What do you do with your old mobile once you’ve upgraded to a new model? Globally, more than 5 billion people own a mobile phone and many take advantage of a newer, better version when it’s time to upgrade for free. Many of us put our old phones in a drawer where they stay for years gathering dust. Others throw them in the rubbish and they end up landfills.
According to Global E-waste Monitor 2020 a record 53.6 million metric tonnes (Mt) of e-waste (discarded products with a battery or plug such as computers or mobile phones) was generated worldwide in 2019 with only 17.4% documented as being recycled. The report predicts global e-waste will increase to 74 million mega tonnes by 2030 with only 30% being recycled.
An Environmental Disaster
This is disastrous for the environment. Mobile phones contain harmful toxins including lead, mercury, arsenic, cadmium, chlorine, and bromine, which can leak into the groundwater and accumulate in the food chain causing harmful repercussions for human health. Mercury for example can enter the food chain and accumulate in living organisms such as fish and result in causing damage to the central nervous system, thyroid, kidneys, lungs and immune system.
Several pieces of legislation have banned the use of some substances in the production of mobile phones and are calling for them to be replaced by safer materials. However, older models still contain these substances so it’s vitally important they are discarded in the correct manner to prevent posing any risk to the environment.
When e-waste is disposed of incorrectly by shredding or melting the components, dust particles or toxins are released into the air and can cause air pollution, leading to respiratory diseases. Unfortunately, e-waste is often burned as a way to retrieve more valuable metals such as copper. This releases fine particles which can travel for miles, potentially causing health risks to both humans and animals.
It’s important therefore to properly recycle your phone. Accredited WEEE (waste from electrical and electronic equipment) recycling companies separate toxic materials from those that can be recycled and dispose of them in an environmentally friendly way.
Turning waste into profit
As well as mercury, mobile phones also contain small quantities of other precious metals like platinum, gold, silver, and copper. Even the plastic that makes up the casing can be melted down into sheets and re-used. These valuable materials can be sold on or recycled.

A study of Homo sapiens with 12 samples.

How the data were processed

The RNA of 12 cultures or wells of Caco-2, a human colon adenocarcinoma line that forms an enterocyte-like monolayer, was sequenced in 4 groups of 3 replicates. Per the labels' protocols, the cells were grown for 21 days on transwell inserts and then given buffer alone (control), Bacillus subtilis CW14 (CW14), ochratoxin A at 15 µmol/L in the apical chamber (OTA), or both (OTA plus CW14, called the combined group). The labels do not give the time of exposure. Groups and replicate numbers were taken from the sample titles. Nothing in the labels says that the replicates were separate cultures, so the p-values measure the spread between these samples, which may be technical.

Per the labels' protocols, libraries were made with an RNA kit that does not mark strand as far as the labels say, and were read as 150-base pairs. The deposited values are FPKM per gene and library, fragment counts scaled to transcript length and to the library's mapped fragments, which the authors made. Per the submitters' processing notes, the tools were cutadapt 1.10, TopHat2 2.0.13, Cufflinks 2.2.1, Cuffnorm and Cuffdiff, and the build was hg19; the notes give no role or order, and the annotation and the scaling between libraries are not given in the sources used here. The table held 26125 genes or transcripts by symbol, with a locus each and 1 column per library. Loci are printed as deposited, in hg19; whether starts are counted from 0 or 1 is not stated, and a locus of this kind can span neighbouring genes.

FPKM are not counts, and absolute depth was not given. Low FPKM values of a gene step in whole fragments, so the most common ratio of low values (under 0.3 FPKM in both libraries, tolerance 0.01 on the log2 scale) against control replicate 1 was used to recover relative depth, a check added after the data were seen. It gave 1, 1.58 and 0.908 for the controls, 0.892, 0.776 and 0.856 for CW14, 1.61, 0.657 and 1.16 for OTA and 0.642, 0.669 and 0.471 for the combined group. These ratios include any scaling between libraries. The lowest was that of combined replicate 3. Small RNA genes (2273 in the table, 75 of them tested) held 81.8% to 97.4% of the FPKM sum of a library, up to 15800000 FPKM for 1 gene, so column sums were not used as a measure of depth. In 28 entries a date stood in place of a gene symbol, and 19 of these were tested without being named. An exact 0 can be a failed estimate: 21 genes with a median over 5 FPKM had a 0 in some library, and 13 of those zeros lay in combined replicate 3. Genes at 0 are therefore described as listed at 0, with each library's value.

While the amount of precious metals in one phone isn’t enough to make you rich, in large amounts, and bear in mind we’re talking about 53.6 million metric tonnes of e-waste globally in a year, even the tiniest amount of gold adds up to a significant amount that once melted down can be turned into items such as jewellery.
According to the Environmental Protection Agency, one ton of circuit boards has anywhere from 40 to 800 times the amount of gold in it than one ton of mined gold ore.
Tech companies are being urged to reassess how they recycle discarded devices. Priv Badoo, co-founder and CEO of BlueOak Resources in California is on a mission to mine precious metals from the company’s ‘e-scraps’ in the hope of turning e-waste into a source of revenue instead of contaminating landfills.
Prevent waste in the first place – go green
Why not make your next choice a more sustainable one? Your Co-op Mobile has teamed up with Fairphone, designers of the world’s most ethical smartphones. There’s no need to replace your smartphone each year, you can simply replace and repair parts - helping prevent e-waste and reduce CO2 emissions.
Your Co-op Mobile believes organisations have a responsibility to offer solutions and services that limit our impact upon the environment. Together with Fairphone we’ve joined Fairtec, a collective group of companies committed to making a digital difference. We work together to offer credible and sustainable alternatives that reduce the impact of smartphone production by:
- focusing on modular and repairable design that integrates ethically and responsibly sourced materials.
- run on a lighter and privacy-friendly operating system that does not store infinite amount of data to profile you or sell you unwanted adverts.
- offers a mobile subscription that supports you in transitioning to a healthier and more sustainable mobile usage.
- provides an economic model that favours longevity by renting your smartphone and be supported to keep it as long as possible.